Mutant Blood Cells Relatively Common in AAV Patients and Carry Risks and Benefits, Study Suggests

Mutant Blood Cells Relatively Common in AAV Patients and Carry Risks and Benefits, Study Suggests

The development of a population of mutated blood cells — a phenomenon called clonal hematopoiesis of indeterminate potential — is more frequent in ANCA-associated vasculitis (AAV) patients than in healthy people, and may modify the clinical outcomes of the disease, a study reports.

Some patients with such blood cell populations have fewer disease complications, but because the mutated cells keep growing in more than one-quarter of these patients, researchers advise closer monitoring of CHIP-positive patients. They are at risk of progression to a blood cancer.

The study, “Clonal Hematopoiesis In Patients With ANCA-Associated Vasculitis,” was published in the journal Haematologica.

Clonal hematopoiesis of indeterminate potential, or CHIP, happens when blood stem cells — or other types of progenitor blood cells — give rise to a genetically distinct population of blood cells that shares the same unique mutation. They are considered genetic clones of each other.

CHIP is commonly associated with aging, and is known to increase the risk of blood cancer or cardiovascular disease, but it may also occur in people who are completely healthy.

At the molecular level, CHIP can arise when a progenitor blood cell acquires one or more mutations that make it grow faster than other cells, like mutations in cancer-related genes. Alternatively, it may arise by chance.

CHIP seems to be involved in chronic inflammation and some autoimmune diseases. Some data suggest that mutations common in people with CHIP may contribute to the development of the harmful, self-attacking ANCA antibodies in people with ANCA-associated vasculitis (AAV).

AAV is a group of autoimmune disorders that cause small blood vessels to inflame and swell. It is caused by autoantibodies called ANCAs, or anti-neutrophilic cytoplasmic autoantibodies, that attack the inside of neutrophils, a type of white blood cells. This provokes the uncontrolled activation of neutrophils, which makes them attack a person’s own blood vessels.

Interested in better understanding the possible role of CHIP in the disease, researchers characterized the prevalence of CHIP and how it related with clinical profiles in a group of 112 AAV patients, referred to nephrology departments and wards in Berlin.

An age- and gender-matched group of 112 healthy controls was included for comparison. Mean age of all participants was about 65.

To identify people with CHIP, blood DNA samples were screened by next-generation sequencing to pinpoint the presence of mutated blood cells.

CHIP was detected in 34 AAV patients (30.4%), who carried a total of 46 mutations in their blood cells. This was a significantly greater prevalence compared to both healthy people reported in prior studies (13.5%), and the healthy control group included in this study (17.9%).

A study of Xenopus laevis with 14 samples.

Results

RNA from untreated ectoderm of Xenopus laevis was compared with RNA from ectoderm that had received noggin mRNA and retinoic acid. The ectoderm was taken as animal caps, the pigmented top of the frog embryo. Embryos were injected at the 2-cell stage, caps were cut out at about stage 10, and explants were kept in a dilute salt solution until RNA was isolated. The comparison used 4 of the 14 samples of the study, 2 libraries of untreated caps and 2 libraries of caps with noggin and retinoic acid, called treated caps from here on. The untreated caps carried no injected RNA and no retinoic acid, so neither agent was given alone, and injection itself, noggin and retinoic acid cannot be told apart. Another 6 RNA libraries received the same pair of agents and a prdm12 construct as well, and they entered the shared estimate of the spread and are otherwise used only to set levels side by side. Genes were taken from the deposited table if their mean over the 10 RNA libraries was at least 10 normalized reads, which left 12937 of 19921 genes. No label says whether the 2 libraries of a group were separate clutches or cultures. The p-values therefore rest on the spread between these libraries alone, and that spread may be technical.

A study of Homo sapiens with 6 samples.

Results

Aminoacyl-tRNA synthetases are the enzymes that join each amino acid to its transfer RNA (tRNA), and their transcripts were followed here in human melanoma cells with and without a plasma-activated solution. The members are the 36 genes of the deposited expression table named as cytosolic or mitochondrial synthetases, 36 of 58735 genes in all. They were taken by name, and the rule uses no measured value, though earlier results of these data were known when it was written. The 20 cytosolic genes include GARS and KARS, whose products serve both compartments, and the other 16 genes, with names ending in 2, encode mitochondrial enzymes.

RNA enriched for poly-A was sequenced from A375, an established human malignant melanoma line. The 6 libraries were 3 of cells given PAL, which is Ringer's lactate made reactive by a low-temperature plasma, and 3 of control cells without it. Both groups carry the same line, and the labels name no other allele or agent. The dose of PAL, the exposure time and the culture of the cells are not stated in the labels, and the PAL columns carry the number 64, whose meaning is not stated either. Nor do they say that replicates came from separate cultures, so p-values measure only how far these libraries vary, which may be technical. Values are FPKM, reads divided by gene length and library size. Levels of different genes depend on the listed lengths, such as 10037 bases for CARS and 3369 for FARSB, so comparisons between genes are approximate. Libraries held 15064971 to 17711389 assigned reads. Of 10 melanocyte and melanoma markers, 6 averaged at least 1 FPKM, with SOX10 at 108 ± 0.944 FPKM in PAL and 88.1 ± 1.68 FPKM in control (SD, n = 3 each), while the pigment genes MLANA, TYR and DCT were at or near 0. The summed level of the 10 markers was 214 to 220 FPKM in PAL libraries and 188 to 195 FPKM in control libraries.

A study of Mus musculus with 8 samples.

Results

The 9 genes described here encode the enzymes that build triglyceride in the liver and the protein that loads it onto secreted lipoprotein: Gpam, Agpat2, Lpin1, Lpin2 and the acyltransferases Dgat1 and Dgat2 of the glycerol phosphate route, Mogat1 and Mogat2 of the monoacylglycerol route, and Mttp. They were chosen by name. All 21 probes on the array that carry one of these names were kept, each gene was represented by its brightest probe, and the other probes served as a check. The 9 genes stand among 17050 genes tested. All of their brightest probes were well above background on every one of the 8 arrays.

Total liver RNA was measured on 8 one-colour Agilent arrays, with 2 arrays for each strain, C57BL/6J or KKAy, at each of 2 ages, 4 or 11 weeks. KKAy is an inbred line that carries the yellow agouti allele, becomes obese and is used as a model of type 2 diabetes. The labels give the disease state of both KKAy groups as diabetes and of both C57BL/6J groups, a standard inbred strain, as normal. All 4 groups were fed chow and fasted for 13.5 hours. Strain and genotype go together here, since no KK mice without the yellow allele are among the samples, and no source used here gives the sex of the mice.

This prevalence was as high as that reported in people with cancer, aplastic anemia (when the body stops producing red blood cells), and cardiovascular disease.

While 25 patients had a single mutation, eight had two, and one person had five. The most frequently mutated genes were DNMT3A (39.1%), TET2 (15.2%), and ASXL1 (8.7%), which are commonly mutated in other cases of CHIP as well.

During a follow-up monitoring of 19 patients with CHIP (median duration of 2.3 years, range 0.3–10.9 years), five (26.3%) showed a relevant growth in the mutated population of blood cells, or clones. Two patients had slightly decreasing clones and 12 others showed no change in clone size over time.

Patients with CHIP were significantly older than those without CHIP (median 70.5 vs. 63.0 years), but CHIP prevalence was not higher in patients previously treated with immunosuppressive or cell toxic agents, including steroids, cyclophosphamide, rituximab, azathioprine, or methotrexate.

Additionally, the development of cancer, disease activity, and AAV relapse risk did not seem to differ in respect to CHIP.

However, patients with granulomatosis with polyangiitis (GPA) who were positive for CHIP had fewer kidney (68.2% vs. 88.5%) and nervous system complications (0% vs. 19.2%), compared to those who did not have CHIP.

Lab assays that mimicked the activation of neutrophils by ANCAs showed that neutrophils from CHIP-positive patients were less activated that those from CHIP-negative ones.

Backing these observations, neutrophils from CHIP-negative patients produced more MPO and PR3 – the proteins to which ANCA antibodies bind to inside neutrophils — compared to healthy controls.

This suggests that a greater amount of ANCA-stimulating molecules (antigens) are produced in patients who do not have CHIP, as a result of uncontrolled inflammation. Conversely, CHIP-positive patients are less prone to inflammation and boosting of ANCAs.

These findings reveal “a new association of AAV with CHIP with potentially disease-modifying effects as shown for neutrophil activation, autoantigen transcription regulation [expression] and organ manifestation,” the researchers wrote.

However, the expansion of the mutated cell population in many of the patients with CHIP warrants “closer monitoring of affected AAV patients because of the known risk of progression to MDS [myelodysplastic syndromes] or AML [acute myeloid leukemia],” two types of blood cancer, the team emphasized.

Ana is a molecular biologist enthusiastic about innovation and communication. In her role as a science writer she wishes to bring the advances in medical science and technology closer to the public, particularly to those most in need of them. Ana holds a PhD in Biomedical Sciences from the University of Lisbon, Portugal, where she focused her research on molecular biology, epigenetics and infectious diseases.